During school and later in business 90%+ of humans become unknowingly and with no bad intention from others an ever more linear thinker. Everything – and I mean everything – is structured in the next 3, 5, 10 steps to do this or that. Moreover, after we see positive results from that mechanism, we even ask: “What are the 3 most important steps to do this or that” or “the 5 most important activities, getting to this or that result” and so forth. When you look at the Question and answer board, “Quora”, hundreds of people ask for the three most important skills an entrepreneur should have, not even wonder, if “skills” are needed in the first place. When getting older you hold onto your 7 steps of “anything” that had been most successful throughout your life. Entering a completely new job is terrifying for most people because of ONE FEAR: There must be more than the top 10 steps to success. Yes, we intuitively feel that it is more than that. But we don’t know. All we know is step by step or linear thinking. Moreover, nobody ever really taught us any different way. But we absolutely can. Being change-averse stems from our simplified education to become successful – step by step.
Do we need to think lateral to be innovative?
We have to break one of the biggest rules in our education or in our business lives: to think step by step. As we started to think of methods and techniques to leverage our born ability to be creative, we needed to break something that seems to have nothing to do with innovation: Breaking Linear Thinking. Once we began to address that issue we realized how severe the damage is in our innovation management theories, methods, and even technologies when going by the “step by step” model. The next problem was to educate people to think lateral. After trying to tell people how the brain composes ideas from previous experiences by having some of our 86 Billion Neurons connect in new ways with each other – could not come and train them in lateral versus linear thinking. Teach how to think is the hardest training in the first place – so we had to find different ways. The theoretical answer to the question is yes, you need to understand how to think lateral. A far more practical solution however is to experience the results. This goes back to our analogy between the greatest thinker in the world and the most amazing athletes. Both achieve amazing results by using their body in a perfect way – without necessarily knowing each action in each microsecond of their doing. We wanted our innovators to not think how they think but literally “see” idea streams and focus on the idea, not on the mechanics of your brain.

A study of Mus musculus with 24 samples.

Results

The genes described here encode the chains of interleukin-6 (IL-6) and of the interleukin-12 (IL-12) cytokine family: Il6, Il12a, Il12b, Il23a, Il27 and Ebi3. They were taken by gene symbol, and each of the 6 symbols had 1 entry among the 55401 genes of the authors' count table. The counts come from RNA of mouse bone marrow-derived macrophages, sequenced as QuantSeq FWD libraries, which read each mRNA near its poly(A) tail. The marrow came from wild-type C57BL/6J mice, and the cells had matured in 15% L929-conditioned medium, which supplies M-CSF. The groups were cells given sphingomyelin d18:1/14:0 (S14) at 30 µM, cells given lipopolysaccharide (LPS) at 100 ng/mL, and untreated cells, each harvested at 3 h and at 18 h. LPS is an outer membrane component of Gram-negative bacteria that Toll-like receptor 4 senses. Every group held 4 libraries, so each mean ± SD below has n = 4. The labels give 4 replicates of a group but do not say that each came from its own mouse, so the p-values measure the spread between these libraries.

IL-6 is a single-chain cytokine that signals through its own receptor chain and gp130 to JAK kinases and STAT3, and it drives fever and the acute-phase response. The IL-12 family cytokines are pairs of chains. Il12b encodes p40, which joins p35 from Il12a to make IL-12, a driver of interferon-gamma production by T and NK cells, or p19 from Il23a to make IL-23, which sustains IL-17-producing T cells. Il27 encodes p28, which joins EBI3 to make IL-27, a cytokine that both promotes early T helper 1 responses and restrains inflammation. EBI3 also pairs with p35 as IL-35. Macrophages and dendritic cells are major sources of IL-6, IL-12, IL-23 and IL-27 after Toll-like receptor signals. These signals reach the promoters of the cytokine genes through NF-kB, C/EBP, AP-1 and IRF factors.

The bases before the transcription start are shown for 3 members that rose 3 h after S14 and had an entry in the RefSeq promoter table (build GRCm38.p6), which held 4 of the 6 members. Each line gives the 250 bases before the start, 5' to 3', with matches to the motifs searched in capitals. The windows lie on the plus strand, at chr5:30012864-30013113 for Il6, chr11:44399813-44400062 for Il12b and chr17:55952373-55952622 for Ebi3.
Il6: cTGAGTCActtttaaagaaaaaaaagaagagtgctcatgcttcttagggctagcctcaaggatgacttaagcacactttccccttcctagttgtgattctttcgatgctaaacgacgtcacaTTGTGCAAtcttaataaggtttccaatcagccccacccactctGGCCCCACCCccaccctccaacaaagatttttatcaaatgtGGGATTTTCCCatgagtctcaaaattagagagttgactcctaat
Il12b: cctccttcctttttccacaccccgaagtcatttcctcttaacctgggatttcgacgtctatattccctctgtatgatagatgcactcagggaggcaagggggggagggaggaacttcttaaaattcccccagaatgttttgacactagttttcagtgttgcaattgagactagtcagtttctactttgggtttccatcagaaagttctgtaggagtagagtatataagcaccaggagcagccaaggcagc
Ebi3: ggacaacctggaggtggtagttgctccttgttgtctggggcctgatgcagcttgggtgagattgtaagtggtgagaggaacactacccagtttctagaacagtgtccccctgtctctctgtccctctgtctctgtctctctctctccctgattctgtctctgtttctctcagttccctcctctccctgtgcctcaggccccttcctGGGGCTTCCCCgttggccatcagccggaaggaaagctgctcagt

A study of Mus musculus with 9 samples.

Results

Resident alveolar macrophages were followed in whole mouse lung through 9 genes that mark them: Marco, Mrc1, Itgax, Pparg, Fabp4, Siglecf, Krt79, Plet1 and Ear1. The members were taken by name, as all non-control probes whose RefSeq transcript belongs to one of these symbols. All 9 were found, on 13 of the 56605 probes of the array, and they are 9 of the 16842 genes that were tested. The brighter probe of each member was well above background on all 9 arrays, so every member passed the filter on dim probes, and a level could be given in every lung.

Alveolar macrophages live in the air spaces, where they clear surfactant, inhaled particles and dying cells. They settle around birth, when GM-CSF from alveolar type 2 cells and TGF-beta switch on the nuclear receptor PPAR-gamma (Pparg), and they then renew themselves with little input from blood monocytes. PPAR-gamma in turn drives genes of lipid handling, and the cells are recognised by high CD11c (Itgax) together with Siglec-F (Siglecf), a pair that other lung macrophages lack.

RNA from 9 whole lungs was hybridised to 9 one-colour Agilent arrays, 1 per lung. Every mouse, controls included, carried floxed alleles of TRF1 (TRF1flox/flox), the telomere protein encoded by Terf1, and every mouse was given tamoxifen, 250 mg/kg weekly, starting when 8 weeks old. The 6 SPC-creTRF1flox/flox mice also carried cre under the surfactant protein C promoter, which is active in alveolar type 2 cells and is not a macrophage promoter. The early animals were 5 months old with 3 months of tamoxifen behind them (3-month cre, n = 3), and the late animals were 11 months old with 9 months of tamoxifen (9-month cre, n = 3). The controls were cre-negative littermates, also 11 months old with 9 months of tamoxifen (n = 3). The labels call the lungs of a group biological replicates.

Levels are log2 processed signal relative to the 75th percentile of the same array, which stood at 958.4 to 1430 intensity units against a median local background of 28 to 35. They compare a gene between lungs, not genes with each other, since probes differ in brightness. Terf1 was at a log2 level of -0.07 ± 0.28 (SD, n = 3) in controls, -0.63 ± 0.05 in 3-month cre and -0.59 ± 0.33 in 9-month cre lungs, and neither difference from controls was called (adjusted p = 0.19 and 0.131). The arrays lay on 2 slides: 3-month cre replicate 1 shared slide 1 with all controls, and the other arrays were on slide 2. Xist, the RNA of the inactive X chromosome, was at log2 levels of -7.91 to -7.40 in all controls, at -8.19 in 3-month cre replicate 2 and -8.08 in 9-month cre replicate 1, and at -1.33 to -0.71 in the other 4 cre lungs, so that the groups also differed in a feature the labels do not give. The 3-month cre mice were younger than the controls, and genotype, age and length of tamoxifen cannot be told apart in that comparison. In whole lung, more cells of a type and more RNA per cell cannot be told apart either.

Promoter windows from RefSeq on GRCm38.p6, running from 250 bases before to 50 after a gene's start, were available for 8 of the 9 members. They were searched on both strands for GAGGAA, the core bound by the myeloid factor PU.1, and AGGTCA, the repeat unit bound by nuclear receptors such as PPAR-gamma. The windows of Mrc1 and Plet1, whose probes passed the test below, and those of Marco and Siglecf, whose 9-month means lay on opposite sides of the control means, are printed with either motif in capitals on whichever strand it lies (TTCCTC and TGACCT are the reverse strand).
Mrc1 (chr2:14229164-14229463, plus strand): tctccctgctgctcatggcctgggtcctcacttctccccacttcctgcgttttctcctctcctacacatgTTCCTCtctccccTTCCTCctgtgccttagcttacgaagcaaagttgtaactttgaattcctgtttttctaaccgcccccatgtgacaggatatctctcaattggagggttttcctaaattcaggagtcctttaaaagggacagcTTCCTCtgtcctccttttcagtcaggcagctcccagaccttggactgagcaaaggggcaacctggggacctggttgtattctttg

BlueCallom Canvas Explained
The objective is: to “see” the state of activity in a lateral representation. We use a pattern that our brain is actually using as well: One part of the information in our thinking process comes from the right half of our brain, the other from the left. A very powerful apparatus, the Corpus Callosum sits in the middle and not only connects the two brain halves it also helps negotiating the idea pieces. And it is the “messenger” between two halves that tries to make sense from the rational impressions and gets the feeling from the other halve. This is why we arranged the fields in a nonlinear and actually lateral arrangement. Left is what is (rational) – right is what we could consider “creative”. We work on both sides and get to the middle where the signals – the messages – from both sides get negotiated. If in the middle is no agreement we need to go back to the rationale and see if we considered everything and go to the right side and see if we got the best possible outcome. Once we got the first set of information in phase 1 and some good ideas in phase 2 we bring the core summary in the middle. When verified with the inputs from phase 1, in nearly 100% of the cases, the team goes back to phase 2 and fine-tunes whatever they have here. Once satisfying, the needs or requirements etc. get collected, and the haves and wants weigh in. At the end of the episode, a decision shall be made on how to move forward. For simple processes like in a business model canvas, there is not necessarily a decision to be made. But in a ‘BlueCallom’, an entire innovation project, which may take years to complete, the earlier key decisions can be made the higher the success potential or the earlier the whole process can be stopped before it needs serious investments. Instead of verifying and iterating after major milestones, we do the iteration WITHIN EACH EPISODE. It saves time and cost and more importantly it accelerates the act of innovation.
Lateral thinking is necessary, yet we don’t need to focus on BEING lateral – instead, SEEING the process in a lateral way.
This is why and how we say goodby to linear thinking. A lock-stepped process, going from one to the next, until we finished would be a linear thinking process. We find error or imperfection in either process. BUt in the linear process far too late and it is far too expensive.
The Corpus Callosum has been so inspiring for us that it gave us the name for the company – Callom as short form and the blue from the technical representation of this genius part of nature.